Yee Sookyung

Looking at your "Translated Vase", it naturally reminded me of ‘healing.’ I wonder what you are thinking as the artist.
I get that a lot in Korea, but I personally do not prefer the term ‘healing.’ I believe that all entities are perfect, and do not need healing. Porcelain becomes an entity with a great epic beyond my capability when dirt is molded with water to create a certain form, and acquires completely different material properties after it tastes fire. Even if it is a fragment that has been broken by the hands of an artist, the loss of purpose is only a concept from the human perspective. Its epic has not gone extinct, and its existence has not been denied. Therefore, the process of gathering the fragments to create an artwork is not actually ‘healing,’ but it is more like another means of ‘existence.’



I wonder why many porcelain creators have not focused on the ‘existence’ of fragments as you do.
Aren’t people usually indifferent about what or who is around them? I was not familiar with porcelain at first, but I discovered an unfamiliar beauty in a broken piece of porcelain, and was startled by it. It was around 2001 when I came across a fragment through a form of ‘translation’ work by creating porcelain based on Kim Sang Ok’s poetry, titled <White Porcelain>, and developed today’s ‘translation process’ by solving the puzzle out of the pieces. I filled in the gaps along where the pieces meet with gold lacquer not to hide the wounds, but to make it more beautiful and more prominent, as much as it was a play on words. Of course, I also wanted to emphasize that each fragment is clearly an independent world that is an epic in and of itself.



In terms of materials, I cannot help relating the porcelain and cinnabar to a traditional or religious mood. Was this intended?
My work is not a calculated move that follows a specific plan to create outcomes. It involves an uncertain time and a proliferation of faith where the track of thoughts change throughout the process, and heterogeneous objects combine and transform. I would say this process of art-making is the way how I seek my eternal spirit. I said that all entities are perfect because I believe that all objects have their original spirits. Even when I work on pieces with strong social statements or messages, I pursue supreme beauty. Here, beauty is not a visual image, but it appeals to the eternal spirit. You can burst into tears at an opera that is sung in a different language because your eternal spirit is touched by it.

"눈물", Stainless steel, LED1100x600x1700(h)cm, 2012

Renowned artists tend to be restricted by their leading method of work, but you seem to be free of that.
Fortunately, I am not born with fear when it comes to attempting or learning about new media. I have learned Korean dance and Jeongga in the last few years, and I am planning to learn calligraphy this year. I am thankful that I had opportunities to try different media when I was relatively unknown. Some criticized that they were too distracting, but they have become my identity, and they help align my thoughts with my work. I have gone through so many different challenges in the last 10 years that I have lost all my friends (laughs). So when I have free time, I pick up a book instead. Nowadays, I am exploring the Oriental classics, such as the Yin, the Yang, and the Five Elements, because I want to visualize the 24 solar terms. It may be because of my interest, or my age, but I am constantly attracted to the ‘essence.’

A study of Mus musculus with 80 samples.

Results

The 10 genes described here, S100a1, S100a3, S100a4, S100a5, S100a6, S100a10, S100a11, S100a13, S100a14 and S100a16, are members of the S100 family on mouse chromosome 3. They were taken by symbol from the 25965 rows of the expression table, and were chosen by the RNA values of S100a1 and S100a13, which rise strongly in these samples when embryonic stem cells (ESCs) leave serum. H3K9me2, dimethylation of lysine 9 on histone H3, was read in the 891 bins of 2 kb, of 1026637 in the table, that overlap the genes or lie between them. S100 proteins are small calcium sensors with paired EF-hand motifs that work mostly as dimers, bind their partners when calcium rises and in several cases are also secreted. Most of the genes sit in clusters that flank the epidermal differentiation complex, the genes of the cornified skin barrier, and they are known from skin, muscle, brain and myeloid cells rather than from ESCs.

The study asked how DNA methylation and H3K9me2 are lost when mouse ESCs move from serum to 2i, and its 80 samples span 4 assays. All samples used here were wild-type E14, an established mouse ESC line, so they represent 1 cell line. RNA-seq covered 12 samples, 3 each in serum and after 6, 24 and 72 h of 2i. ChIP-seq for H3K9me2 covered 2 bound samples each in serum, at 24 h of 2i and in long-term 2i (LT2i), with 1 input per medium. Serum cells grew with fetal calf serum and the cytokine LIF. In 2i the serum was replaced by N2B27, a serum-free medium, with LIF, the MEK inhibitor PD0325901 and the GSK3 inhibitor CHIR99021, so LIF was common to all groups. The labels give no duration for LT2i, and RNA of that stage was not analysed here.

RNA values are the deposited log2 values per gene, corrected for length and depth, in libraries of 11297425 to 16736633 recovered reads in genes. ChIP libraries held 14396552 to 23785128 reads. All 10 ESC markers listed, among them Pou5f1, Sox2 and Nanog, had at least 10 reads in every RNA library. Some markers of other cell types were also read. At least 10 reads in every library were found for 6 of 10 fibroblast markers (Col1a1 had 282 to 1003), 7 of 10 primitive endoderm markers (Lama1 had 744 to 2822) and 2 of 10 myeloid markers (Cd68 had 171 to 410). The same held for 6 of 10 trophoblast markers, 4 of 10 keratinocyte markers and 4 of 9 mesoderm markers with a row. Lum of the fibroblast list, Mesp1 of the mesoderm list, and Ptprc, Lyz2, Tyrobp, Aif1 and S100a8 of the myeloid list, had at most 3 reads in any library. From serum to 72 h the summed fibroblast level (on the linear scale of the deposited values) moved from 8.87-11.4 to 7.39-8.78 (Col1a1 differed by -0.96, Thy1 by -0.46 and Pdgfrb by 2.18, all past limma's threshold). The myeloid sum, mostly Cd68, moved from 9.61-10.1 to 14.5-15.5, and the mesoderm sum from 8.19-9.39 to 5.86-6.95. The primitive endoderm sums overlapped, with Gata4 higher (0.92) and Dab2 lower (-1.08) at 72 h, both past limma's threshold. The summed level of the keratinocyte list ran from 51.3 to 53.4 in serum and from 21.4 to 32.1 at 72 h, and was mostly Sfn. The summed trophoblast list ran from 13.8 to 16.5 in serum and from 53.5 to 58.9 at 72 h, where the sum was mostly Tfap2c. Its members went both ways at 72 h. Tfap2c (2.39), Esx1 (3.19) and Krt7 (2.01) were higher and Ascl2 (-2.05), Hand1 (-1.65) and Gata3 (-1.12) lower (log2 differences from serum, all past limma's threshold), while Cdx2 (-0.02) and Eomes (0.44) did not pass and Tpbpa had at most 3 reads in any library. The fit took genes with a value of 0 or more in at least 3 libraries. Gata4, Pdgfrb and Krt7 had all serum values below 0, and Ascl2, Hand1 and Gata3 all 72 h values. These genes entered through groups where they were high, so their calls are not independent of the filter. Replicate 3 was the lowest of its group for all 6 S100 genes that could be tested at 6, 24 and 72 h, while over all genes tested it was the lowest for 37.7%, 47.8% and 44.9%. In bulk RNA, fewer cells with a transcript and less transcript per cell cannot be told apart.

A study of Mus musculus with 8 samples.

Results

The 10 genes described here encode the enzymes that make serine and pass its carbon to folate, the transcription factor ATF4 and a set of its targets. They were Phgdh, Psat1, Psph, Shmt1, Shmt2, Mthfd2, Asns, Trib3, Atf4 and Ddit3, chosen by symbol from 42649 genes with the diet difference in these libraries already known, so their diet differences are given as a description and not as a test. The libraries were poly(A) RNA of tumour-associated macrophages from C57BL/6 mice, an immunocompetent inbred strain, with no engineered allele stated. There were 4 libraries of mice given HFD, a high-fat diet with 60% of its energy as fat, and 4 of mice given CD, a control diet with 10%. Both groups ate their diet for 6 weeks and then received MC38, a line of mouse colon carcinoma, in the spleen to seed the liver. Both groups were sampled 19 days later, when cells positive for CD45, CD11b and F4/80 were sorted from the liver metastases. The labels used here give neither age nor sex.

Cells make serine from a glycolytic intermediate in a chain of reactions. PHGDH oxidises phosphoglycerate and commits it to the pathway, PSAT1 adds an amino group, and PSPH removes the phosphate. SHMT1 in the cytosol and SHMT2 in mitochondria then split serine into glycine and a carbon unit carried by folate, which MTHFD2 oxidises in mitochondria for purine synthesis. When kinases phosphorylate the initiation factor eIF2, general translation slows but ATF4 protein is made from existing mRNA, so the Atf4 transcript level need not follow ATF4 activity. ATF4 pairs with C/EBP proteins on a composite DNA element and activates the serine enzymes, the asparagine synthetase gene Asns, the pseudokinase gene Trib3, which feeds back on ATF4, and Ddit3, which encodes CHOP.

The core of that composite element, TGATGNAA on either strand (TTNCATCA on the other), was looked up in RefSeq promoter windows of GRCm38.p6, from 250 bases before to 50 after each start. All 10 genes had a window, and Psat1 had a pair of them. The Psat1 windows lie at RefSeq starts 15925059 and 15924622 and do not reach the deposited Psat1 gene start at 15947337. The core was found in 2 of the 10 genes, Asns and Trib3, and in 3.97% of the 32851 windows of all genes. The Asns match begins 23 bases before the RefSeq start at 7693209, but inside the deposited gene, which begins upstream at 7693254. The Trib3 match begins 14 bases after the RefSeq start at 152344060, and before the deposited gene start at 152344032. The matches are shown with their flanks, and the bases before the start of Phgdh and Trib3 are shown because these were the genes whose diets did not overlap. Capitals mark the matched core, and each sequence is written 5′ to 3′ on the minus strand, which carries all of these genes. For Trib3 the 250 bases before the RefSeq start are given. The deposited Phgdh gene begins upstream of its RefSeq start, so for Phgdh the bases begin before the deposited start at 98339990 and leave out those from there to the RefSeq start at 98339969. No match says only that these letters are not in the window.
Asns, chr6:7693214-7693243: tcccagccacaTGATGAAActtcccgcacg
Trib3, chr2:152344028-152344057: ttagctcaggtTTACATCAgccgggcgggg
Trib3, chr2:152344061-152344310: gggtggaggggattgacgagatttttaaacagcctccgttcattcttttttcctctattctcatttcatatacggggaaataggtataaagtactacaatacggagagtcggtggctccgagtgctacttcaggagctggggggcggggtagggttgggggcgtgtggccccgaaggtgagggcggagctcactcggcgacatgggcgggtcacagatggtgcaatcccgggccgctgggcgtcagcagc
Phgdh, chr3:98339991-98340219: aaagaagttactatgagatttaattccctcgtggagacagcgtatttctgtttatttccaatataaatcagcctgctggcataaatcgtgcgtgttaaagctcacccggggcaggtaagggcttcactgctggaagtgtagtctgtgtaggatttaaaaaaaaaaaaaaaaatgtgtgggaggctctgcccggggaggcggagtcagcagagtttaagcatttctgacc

Installation view of CERAMIX: Art and Ceramics from Rodin toSchütte, 2016
Ceramic shards, Epoxy, 24k gold leaf63x63x64(h)cm, 2011

Now that you have mentioned the ‘essence,’ I would like to hear your thoughts about ‘the beauty of Korea.’
Personally, I am deeply interested in Korean history and culture before the reign of the Joseon Dynasty, like the golden crown of Silla or the celadon of Goryeo. However, I am not sure what actually is ‘something Korean.’ I am attracted to the disappearing traditional culture, but wouldn’t there be a reason why it is disappearing, like a species has fallen behind and is being replaced by other species? That is why I am against putting tradition in a frame, and creating low-quality souvenirs for tourists. Some of my works reflect the question as to whether the Korean elements in my works are ‘truly Korean.’ Be it traditional or modern, Korean or not Korean, anything that is supremely beautiful would be cherished and preserved by its owner. I hope my work possesses such beauty within.

Installation view of When I Become You, Daegu Museumof Art, 2015
"전생퇴행그림", Acrylic on canvas, 91x117cm, 2014
"전생퇴행그림", Acrylic on canvas, 89.5x130.5cm, 2014

You had several shows last year. I would like to hear about your future plans for now.
I had so many shows last year, and thought ‘I can’t live like this.’ So I will focus on the creative aspect this year. One of my plans is to work on shooting videos in Gangjin and Haenam in Jeollanam-do. In the past, a festival was hosted by a nobleman to set the table and hire singers for entertainment; now my job is to set the table, invite talented guests, and document their performances in a natural setting. I hope to capture the true taste of Namdo’s style of entertainment.